Tropical Storm Flossie is moving toward Hawaii and it should continue on that path for the next week. Flossie was classified as a tropical storm not long after taking shape early on Thursday morning. It is expected that Flossie will gain strength through Friday, with winds reaching 50 miles-per-hour. However, it is believed that the storm will weaken as it makes its way toward land. The storm is not expected to ever reach the status of a hurricane, which to be classified, the storm must reach sustained wind speeds of 74 miles-per-hour.
Flossie is running out of time for much more strengthening since the circulation will begin to reach cooler waters in about a day.
Forecasters at the National Hurricane Center
The storm is still approximately 1,000 miles from Hawaii. According to AccuWeather.com Senior Meteorologist Kristina Pydynowski, Flossie should reach land Tuesday morning and may weaken to a tropical rainstorm. “That does not mean that Flossie will pass unnoticed across Hawaii,” Pydynowski said. “Enhanced shower activity will spread from east to west across the islands Monday night through Wednesday, threatening to put a damper on outdoor activities.” The National Weather Service wrote that it is “Important to keep in mind that even the remnants of tropical cyclones can sometimes bring copious, excessive rainfall.”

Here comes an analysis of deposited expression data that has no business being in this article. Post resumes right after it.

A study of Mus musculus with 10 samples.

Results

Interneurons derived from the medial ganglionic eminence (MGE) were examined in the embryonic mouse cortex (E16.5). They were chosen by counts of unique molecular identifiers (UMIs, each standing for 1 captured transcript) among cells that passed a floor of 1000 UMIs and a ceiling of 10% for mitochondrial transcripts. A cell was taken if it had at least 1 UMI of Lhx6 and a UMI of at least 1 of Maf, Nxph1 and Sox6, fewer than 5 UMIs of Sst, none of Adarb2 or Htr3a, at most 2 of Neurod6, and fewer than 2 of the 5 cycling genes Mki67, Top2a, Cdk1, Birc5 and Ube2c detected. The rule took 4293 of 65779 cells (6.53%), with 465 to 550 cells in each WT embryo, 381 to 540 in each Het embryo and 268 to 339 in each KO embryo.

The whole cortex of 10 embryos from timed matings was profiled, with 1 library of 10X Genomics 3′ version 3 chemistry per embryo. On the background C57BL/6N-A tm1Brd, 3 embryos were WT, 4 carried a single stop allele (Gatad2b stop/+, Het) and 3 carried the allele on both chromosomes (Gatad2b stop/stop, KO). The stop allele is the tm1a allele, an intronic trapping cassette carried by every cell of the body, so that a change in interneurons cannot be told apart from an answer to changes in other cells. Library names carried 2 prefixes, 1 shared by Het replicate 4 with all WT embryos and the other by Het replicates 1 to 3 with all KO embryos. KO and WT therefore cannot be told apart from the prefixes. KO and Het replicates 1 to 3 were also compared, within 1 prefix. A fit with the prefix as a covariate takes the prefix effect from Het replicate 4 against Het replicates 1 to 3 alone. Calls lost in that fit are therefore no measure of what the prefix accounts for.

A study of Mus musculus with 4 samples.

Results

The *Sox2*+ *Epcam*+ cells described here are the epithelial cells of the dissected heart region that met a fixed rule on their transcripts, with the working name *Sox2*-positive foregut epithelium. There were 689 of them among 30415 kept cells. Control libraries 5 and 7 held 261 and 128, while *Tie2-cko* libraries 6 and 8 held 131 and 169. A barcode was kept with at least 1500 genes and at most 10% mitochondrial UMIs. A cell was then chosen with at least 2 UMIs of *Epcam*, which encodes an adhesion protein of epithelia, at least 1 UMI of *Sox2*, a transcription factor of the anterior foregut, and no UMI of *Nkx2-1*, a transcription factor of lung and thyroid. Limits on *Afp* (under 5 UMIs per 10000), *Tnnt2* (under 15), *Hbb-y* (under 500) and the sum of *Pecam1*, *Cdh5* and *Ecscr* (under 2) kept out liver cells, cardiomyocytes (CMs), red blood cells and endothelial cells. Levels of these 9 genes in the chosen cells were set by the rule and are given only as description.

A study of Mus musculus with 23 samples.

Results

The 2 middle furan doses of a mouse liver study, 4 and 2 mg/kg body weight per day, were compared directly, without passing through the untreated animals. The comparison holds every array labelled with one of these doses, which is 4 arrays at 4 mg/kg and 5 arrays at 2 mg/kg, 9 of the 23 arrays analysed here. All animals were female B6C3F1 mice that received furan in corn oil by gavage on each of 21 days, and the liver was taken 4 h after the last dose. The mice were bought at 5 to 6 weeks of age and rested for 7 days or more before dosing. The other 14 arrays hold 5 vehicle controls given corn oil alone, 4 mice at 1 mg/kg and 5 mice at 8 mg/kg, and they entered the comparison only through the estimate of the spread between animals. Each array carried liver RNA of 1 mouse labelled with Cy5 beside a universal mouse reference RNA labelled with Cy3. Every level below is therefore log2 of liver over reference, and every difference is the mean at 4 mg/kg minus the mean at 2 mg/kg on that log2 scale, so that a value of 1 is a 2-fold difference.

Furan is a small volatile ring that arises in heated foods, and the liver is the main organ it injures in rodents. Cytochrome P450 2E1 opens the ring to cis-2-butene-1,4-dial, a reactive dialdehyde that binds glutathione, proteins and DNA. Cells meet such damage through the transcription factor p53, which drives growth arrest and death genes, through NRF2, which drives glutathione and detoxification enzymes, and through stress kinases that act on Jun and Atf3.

My meteorologist friend told me tropical storm Flossie is headed towards Hawaii. Wondering if it is Category Fergalicious.
— Sassy 1L (@sassyatlaw) July 26, 2013
Another tropical storm has been located in the Atlantic Ocean this week. Tropical storm Dorian, which formed Wednesday, is now traveling west-northwest towards Puerto Rico, the Bahamas, Cuba and Florida, with sustained winds of approximately 60 mils-per-hour. Dorian is the fourth tropical storm of the season in the Atlantic Ocean.